Okay, I apologise for the rather poor pun in that post title, but I couldn’t resist. The title is, in fact, appropriate at a literal level, as Mr Justice Mostyn’s judgment in the recent case, CB v KB is an excellent example of a judge methodically going through the steps necessary to reach a financial remedies decision.
As the title indicates, the central fact of the case was that it concerned the bass player of “a well-known band”. Mr Justice Mostyn does not identify the band, but we are told that it has been “extremely successful”, having released seven albums since 1999. We are also told that the “kingpin” of the band is its lead singer, who has written virtually every song released by the band. The husband, on the other hand, has written only three of the band’s songs.
Otherwise, the relevant facts of the case were as follows. The parties began their relationship in 1998 and were married in December 2003. They have six children, aged 20 (and in full-time employment), 17, 16, 11, 9 and 7. The younger three children divide their time almost equally between the parties, although the wife is to be regarded as the parent with care for child support purposes.
The parties separated in January 2017. The husband remarried in December 2018, and he and his new wife are expecting a child.
We are also told that for personal reasons the lead singer of the band wishes to take a break from touring for up to two years – there may be some modest touring in 2021, with a more “full-throated” (to use Mr Justice Mostyn’s apt words) resumption in 2022.
As to the assets of the marriage (save for the husband’s music income streams, which I will come to in a moment), we are told that these amount to £5,769,464, including the wife’s new home which was purchased, as agreed, from the net proceeds of the former matrimonial home, and is worth £2,958,500.
Mr Justice Mostyn essentially had to decide three things: what capital sum the wife should receive, what maintenance she should receive, and for how long, and what child support the husband should pay.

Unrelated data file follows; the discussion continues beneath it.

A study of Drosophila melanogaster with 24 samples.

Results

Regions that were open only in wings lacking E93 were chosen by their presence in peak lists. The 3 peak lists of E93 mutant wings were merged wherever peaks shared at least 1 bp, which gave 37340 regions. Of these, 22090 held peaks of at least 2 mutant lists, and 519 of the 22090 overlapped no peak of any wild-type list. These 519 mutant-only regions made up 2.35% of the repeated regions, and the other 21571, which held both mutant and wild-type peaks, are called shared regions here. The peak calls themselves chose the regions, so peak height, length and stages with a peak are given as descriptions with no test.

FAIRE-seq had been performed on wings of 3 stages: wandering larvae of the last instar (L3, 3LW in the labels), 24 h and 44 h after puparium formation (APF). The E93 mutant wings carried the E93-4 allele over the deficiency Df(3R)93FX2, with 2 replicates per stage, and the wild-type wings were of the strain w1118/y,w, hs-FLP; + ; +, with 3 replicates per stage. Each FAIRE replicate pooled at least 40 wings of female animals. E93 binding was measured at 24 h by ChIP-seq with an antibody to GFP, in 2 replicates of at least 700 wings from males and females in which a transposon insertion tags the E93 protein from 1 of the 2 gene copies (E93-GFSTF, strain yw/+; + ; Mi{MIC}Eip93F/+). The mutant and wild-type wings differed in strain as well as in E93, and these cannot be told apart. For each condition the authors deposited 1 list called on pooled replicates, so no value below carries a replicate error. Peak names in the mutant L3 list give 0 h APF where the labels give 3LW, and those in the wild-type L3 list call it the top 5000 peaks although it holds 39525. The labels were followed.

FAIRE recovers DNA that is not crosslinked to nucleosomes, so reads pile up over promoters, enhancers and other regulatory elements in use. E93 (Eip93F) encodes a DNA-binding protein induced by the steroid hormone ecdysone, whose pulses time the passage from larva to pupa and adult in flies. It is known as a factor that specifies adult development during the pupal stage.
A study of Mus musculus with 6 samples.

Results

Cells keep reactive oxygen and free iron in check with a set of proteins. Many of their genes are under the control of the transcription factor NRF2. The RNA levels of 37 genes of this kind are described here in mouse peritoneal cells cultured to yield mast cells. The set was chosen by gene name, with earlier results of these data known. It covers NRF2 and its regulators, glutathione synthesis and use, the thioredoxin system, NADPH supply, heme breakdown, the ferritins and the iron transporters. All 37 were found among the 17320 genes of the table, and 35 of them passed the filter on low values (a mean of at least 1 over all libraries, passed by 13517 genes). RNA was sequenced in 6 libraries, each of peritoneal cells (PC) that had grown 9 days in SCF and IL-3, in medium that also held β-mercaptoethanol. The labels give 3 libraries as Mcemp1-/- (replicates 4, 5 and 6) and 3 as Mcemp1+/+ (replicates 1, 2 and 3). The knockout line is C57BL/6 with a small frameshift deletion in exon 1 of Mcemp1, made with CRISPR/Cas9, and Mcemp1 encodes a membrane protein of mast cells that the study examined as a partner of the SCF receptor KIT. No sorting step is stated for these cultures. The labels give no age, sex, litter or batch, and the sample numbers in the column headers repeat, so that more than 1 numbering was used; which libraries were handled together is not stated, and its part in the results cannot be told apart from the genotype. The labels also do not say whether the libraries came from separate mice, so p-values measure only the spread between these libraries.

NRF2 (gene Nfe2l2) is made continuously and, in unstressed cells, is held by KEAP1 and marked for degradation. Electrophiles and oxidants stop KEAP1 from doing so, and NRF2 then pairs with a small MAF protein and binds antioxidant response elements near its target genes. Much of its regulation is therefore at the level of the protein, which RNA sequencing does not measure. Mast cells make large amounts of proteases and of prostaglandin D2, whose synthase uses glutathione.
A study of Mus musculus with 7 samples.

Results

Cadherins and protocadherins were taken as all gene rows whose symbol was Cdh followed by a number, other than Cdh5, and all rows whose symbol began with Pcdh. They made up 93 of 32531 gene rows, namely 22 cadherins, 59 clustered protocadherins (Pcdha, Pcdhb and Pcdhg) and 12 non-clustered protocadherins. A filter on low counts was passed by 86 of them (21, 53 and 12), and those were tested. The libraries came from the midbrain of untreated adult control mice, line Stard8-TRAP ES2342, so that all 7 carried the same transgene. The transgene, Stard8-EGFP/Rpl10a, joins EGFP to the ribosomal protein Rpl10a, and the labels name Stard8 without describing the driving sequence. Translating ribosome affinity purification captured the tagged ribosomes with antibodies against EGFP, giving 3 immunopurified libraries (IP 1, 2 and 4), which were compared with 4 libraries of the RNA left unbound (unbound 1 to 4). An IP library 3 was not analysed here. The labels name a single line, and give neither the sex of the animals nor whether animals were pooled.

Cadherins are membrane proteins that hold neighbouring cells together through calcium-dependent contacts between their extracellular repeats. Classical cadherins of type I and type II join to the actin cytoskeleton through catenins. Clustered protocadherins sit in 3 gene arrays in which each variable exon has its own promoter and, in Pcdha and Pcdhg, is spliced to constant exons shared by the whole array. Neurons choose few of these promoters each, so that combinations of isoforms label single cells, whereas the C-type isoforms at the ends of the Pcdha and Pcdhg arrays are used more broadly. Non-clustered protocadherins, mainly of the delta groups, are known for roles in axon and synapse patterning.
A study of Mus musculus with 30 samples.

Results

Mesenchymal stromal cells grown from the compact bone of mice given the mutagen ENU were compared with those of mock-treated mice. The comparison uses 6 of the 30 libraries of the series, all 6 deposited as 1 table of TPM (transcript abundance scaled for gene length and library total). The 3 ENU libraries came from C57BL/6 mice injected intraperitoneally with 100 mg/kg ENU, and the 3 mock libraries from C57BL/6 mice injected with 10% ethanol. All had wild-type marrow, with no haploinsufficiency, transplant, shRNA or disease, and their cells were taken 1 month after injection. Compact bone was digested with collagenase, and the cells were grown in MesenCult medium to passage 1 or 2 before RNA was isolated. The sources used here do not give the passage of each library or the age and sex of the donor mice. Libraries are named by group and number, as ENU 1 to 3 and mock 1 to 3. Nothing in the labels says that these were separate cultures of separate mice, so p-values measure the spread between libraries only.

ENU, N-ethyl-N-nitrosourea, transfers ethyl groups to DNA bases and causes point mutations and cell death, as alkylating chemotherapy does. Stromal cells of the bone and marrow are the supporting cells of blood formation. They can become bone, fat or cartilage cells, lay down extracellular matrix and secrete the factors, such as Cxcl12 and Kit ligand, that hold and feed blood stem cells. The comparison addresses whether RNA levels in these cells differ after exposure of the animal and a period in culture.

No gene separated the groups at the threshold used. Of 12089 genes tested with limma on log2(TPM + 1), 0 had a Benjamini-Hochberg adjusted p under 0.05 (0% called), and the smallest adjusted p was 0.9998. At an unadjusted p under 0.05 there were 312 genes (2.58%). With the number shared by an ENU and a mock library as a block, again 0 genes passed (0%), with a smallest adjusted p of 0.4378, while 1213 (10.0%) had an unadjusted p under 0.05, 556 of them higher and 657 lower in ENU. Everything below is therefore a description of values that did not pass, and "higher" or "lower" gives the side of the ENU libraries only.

In order to make these decisions, Mr Justice Mostyn had to first calculate the value of the husband’s music income streams. As he explained, the husband receives income from his music-making in five different ways:
Royalties in respect of the three songs written by him.
“Equitable remuneration” in respect of broadcasts of the band’s songs.
By virtue of an agreement made between the members of the band, he receives 8.33% of the lead singer’s publishing or composition royalties.
A one-third share of the recording royalties.
His share of ticketing and merchandising income generated by touring, having regard to the touring break. This was considered by Mr Justice Mostyn to be future earnings. Accordingly, it was not taken into account as capital but was taken into account when calculating child support.
I won’t go into the details of how Mr Justice Mostyn calculated income streams 1 to 4. Suffice to say that the total he came to was £4,450,693, which meant that the total assets were £10,220,158 (I make it £10,220,157, but I’m sure the parties wouldn’t argue over the odd pound). Accordingly, the equal sharing principle gave the wife £5,110,079. This sum was to be paid by the husband in three instalments, the last in October 2023.
As to spousal maintenance, the husband will continue to pay the interim maintenance he was already paying, reducing after each lump sum instalment and ceasing after the final payment, when there will be a clean break. Unless I have missed it, the judgment does not say how much the interim maintenance was, but Mr Justice Mostyn says that “Pending payment of the second and third instalments the husband will make periodical payments to the wife at the rate of £42,786 per annum”.
Lastly, as to child support, Mr Justice Mostyn calculated (using the child support formula but disregarding the cap on annual gross income) that the husband should pay £12,600 per annum in respect of each of the four minor children who make their main home with the wife, in addition to paying the children’s school fees.
You can read the full judgment here.